What is astigmatism?
Astigmatism is very common, and there are different types of astigmatism, but for cataract surgery we usually refer to astigmatism of the cornea. The cornea acts like a lens, focusing light as it enters the eye. When the cornea is round, there is no astigmatism; however, many people have an oval-shaped cornea, which distorts the focus of light entering the eye. This abnormal focusing is called astigmatism, and it is usually correctable with glasses or contact lenses. Without correction, astigmatism results in blurred vision, often with ghosting or doubling of images.
Toric Intraocular Lenses (IOLs)
In the past, cataract surgery was not designed to correct astigmatism. However, more modern techniques allow us to reduce astigmatism during cataract surgery. Toric IOLs are similar to monofocal IOLs, except that toric IOLs also have a certain amount of astigmatism correction built-in. By reducing astigmatism, toric IOLs reduce dependence on glasses. By opting for a toric IOL, many patients with astigmatism will be able to see more clearly at distance without glasses, and use glasses just for reading. Patients who opt not to correct astigmatism will usually have to wear bifocals at all times after cataract surgery.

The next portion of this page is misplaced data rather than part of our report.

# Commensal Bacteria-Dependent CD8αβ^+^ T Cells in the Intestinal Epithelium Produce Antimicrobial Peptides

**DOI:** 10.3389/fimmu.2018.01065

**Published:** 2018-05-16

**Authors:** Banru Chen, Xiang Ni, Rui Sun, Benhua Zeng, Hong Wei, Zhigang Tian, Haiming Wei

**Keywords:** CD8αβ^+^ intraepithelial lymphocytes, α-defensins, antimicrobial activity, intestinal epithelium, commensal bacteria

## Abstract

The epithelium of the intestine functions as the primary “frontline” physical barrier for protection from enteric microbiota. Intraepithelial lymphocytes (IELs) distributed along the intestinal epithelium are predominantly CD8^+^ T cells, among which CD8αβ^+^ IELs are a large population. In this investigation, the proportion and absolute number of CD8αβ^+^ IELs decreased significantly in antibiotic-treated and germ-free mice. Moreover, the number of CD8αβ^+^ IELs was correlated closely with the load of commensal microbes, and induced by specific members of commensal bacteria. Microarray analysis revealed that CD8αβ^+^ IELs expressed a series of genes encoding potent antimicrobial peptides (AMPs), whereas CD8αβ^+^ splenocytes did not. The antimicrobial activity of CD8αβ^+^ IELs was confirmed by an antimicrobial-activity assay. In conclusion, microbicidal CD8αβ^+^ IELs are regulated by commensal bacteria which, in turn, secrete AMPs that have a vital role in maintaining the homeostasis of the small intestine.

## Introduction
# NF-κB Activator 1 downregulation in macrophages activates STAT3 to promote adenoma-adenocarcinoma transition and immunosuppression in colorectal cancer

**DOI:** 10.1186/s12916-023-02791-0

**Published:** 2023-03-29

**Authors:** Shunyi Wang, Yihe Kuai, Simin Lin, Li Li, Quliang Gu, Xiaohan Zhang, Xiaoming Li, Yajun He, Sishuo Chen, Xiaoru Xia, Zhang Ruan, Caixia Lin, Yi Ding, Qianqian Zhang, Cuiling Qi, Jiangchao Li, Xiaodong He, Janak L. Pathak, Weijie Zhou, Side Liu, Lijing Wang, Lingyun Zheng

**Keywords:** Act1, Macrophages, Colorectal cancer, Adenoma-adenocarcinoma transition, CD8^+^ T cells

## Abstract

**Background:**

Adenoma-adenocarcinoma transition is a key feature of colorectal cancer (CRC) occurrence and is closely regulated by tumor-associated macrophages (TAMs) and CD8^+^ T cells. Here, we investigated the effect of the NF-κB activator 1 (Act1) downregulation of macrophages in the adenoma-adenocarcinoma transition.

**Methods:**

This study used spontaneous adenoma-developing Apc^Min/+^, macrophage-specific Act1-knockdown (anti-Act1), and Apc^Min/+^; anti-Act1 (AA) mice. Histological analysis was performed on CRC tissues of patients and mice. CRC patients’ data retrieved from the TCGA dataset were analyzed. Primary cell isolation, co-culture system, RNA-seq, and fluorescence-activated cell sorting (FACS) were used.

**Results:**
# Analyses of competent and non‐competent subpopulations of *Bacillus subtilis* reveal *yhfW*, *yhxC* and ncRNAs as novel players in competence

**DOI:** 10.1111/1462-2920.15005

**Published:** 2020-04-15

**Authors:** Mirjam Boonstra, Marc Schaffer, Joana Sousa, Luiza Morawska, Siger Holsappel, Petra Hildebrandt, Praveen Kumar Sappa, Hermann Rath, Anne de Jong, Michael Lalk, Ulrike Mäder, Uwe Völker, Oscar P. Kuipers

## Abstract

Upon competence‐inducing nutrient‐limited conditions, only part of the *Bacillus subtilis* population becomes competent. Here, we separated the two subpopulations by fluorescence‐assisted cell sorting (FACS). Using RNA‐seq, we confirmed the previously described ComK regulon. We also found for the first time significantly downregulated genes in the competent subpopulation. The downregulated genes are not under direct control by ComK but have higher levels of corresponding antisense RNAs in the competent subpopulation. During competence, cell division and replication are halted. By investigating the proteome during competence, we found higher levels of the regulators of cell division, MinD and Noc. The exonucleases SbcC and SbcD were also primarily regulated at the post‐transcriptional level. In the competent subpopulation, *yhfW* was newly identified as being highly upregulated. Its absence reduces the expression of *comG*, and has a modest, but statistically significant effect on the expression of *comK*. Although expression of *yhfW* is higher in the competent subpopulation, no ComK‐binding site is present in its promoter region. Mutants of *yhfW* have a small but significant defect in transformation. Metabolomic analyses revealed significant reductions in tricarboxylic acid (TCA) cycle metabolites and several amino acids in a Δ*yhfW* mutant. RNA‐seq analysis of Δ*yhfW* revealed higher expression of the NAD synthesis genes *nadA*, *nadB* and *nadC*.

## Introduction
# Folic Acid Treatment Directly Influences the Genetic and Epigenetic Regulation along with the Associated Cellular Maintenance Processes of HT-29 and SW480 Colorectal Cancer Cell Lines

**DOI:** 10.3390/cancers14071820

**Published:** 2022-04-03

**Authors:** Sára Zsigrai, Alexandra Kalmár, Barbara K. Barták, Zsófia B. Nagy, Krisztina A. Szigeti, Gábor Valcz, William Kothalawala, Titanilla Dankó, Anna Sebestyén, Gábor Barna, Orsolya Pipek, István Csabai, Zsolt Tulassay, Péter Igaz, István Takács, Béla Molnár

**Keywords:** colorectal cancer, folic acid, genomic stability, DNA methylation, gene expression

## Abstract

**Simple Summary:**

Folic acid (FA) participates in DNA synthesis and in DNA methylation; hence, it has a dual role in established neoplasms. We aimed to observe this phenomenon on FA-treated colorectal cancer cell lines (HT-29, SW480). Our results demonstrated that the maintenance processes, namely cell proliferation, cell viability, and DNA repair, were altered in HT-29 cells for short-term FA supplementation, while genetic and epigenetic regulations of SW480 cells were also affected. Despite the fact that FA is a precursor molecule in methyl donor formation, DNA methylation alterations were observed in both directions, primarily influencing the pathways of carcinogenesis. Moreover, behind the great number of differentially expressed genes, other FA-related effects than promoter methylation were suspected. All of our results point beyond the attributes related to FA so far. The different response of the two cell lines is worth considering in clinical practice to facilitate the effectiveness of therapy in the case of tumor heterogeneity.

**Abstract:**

Cornea or Limbal Relaxing Incisions
Another method to correct astigmatism are corneal or limbal relaxing incisions (CRIs or LRIs). CRIs or LRIs are partial incisions made in the peripheral cornea. They are designed to reshape the cornea, from an oval to a round shape, thereby reducing astigmatism. CRIs or LRIs are quick to perform, and can be done at the same time as cataract surgery.
If you have astigmatism, ask our doctors whether you would be a candidate for CRIs or LRIs or a toric IOL.